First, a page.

Chaos, fractals, and Arcadia

Chaos, Fractals, and Arcadia

Robert L. Devaney
Department of Mathematics
Boston University
Boston, MA 02215


Tom Stoppard's wonderful play, Arcadia, offers teachers of both mathematics and the humanities the opportunity to join forces in a unique and rewarding way. The play features not one but two mathematicians, and the mathematical ideas they are involved with form one of the main subthemes of the play. In particular, such contemporary topics as chaos and fractals form an integral part of the plot, and such stalwarts as Fermat's Last Theorem and the Second Law of Thermodynamics also play important roles.

The play is set in two time periods, the early nineteenth century and the present, in the same room in an English Estate, Sidley Park. As the play opens, we meet Thomasina, a young thirteen year old girl who struggles with her algebra and geometry under the watchful eye of her tutor, Septimus Hodge. But Thomasina is not your typical mathematics student; as becomes clear as the play unfolds, she is a prodigy who not only questions the very foundations of her mathematical subjects, but also sets about to change the direction of countless centuries of mathematical thought. In the process, she invents "Thomasina's geometry of irregular forms" (aka fractal geometry), discovers the second law of thermodynamics, and lays the foundation for what is now called chaos theory.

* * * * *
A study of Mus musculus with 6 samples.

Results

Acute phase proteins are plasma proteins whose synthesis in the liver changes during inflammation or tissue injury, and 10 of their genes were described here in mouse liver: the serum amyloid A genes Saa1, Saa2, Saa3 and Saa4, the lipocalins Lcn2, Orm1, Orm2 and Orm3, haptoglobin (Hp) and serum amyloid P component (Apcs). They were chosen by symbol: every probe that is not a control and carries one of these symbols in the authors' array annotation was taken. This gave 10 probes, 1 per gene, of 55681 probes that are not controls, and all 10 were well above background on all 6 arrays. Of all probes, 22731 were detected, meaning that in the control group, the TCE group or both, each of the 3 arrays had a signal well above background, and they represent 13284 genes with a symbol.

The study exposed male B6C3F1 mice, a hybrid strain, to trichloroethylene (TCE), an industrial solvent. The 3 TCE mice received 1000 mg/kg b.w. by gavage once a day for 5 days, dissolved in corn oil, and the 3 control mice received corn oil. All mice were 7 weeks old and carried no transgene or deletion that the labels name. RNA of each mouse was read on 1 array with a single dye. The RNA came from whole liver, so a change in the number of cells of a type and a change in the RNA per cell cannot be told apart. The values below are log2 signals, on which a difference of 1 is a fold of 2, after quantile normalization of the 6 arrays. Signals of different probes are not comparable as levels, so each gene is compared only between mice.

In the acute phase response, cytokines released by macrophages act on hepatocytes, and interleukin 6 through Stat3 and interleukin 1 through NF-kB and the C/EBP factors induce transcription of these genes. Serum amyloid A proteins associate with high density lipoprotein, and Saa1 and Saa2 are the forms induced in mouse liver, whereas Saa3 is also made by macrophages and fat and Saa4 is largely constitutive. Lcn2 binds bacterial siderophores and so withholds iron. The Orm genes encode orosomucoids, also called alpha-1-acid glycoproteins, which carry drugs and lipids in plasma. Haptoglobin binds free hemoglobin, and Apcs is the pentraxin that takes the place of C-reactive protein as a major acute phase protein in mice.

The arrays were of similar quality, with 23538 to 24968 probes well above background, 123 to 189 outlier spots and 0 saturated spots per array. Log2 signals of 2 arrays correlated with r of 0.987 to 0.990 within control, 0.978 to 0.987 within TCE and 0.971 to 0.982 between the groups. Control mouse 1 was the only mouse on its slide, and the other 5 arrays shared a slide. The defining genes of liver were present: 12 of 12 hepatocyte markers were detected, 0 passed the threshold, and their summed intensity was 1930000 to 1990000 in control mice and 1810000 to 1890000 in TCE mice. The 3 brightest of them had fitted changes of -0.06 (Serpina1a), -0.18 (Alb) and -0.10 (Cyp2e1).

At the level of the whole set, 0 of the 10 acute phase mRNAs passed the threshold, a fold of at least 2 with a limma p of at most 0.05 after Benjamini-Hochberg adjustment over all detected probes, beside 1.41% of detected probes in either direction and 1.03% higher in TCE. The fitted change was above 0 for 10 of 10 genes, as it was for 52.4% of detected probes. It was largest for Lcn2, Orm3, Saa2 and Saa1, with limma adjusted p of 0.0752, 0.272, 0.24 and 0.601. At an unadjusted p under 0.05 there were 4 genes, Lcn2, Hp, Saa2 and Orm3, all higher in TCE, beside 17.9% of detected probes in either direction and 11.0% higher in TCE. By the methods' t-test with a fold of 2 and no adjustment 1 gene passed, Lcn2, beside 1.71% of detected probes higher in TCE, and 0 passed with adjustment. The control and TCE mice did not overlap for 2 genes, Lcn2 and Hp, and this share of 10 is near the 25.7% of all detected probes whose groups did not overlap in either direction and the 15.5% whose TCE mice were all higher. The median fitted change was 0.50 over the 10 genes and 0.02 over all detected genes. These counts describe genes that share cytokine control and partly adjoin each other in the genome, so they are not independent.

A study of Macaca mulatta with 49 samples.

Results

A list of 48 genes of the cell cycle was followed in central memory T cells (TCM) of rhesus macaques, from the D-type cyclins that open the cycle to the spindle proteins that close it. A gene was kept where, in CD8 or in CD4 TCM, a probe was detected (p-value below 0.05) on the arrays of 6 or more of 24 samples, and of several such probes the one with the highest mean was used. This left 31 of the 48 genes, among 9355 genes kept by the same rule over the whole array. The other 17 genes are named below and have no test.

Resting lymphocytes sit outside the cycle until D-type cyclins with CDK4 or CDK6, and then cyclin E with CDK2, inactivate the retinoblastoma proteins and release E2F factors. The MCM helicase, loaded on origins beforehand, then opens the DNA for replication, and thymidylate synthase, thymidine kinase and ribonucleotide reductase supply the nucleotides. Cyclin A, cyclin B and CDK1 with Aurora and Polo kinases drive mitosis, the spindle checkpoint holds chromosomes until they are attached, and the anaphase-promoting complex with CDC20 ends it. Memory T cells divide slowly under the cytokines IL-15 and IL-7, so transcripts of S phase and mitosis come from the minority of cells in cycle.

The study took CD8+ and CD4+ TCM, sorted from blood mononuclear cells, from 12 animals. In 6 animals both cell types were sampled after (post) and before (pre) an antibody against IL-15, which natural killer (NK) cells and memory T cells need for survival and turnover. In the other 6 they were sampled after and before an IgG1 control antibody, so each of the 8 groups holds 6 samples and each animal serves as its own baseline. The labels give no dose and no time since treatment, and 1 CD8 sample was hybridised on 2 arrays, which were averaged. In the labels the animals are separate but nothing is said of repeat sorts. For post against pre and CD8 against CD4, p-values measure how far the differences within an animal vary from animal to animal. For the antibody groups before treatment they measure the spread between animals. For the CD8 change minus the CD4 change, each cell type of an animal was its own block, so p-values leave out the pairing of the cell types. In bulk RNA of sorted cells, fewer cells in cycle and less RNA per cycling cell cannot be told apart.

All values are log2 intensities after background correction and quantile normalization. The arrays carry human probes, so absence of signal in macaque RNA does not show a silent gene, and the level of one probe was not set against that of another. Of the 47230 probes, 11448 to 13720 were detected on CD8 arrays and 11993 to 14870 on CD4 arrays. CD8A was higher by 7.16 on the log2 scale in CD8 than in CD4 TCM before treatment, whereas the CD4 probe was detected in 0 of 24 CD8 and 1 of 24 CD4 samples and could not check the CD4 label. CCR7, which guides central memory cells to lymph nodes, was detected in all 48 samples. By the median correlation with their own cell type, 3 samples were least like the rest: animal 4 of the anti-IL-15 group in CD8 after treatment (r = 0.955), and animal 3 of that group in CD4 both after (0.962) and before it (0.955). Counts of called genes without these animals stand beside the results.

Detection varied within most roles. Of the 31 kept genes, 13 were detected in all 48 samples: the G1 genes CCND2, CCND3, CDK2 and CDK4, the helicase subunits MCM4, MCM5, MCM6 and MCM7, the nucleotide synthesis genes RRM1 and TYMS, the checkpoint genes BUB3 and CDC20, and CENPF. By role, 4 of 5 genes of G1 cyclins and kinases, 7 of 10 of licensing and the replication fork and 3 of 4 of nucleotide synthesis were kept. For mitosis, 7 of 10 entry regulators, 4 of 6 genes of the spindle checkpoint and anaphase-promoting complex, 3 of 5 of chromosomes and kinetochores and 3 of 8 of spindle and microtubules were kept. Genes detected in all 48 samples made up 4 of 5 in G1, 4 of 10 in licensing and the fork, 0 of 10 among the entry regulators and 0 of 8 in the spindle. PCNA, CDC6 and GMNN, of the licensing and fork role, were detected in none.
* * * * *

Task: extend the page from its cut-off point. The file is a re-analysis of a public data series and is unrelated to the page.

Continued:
In the modern period, we meet Valentine, a contemporary mathematician who is attempting to understand the rise and fall of grouse populations using iteration. As luck would have it, Valentine is heir to Sidley Park and part of his inheritance is a complete set of game books that go back to Thomasina's time. These books detail the precise number of grouse shot at the estate each year. Gradually, he becomes aware of some of the old mysteries surrounding Sidley Park, including Thomasina's discoveries, and this sets the stage for a unique series of scenes that hop back and forth between the early nineteenth century and the present.

Mathematics is not the only theme of this play, of course, but the ideas of regular versus irregular geometry or chaos versus order seem to pervade all of the other events occurring at Sidley Park. We are thrust into a debate about emerging British landscape styles featuring the orderly classical style versus the irregular, ``picturesque'' style. Valentine's fiancee Hannah Jarvis methodically proceeds to uncover Sidley Park's secrets, in stark contrast to her nemesis, Bernard Nightingale, who jumps from one theory to another with reckless abandon. Indeed, the entire play pits the rationalism of Newton against the romanticism of Byron.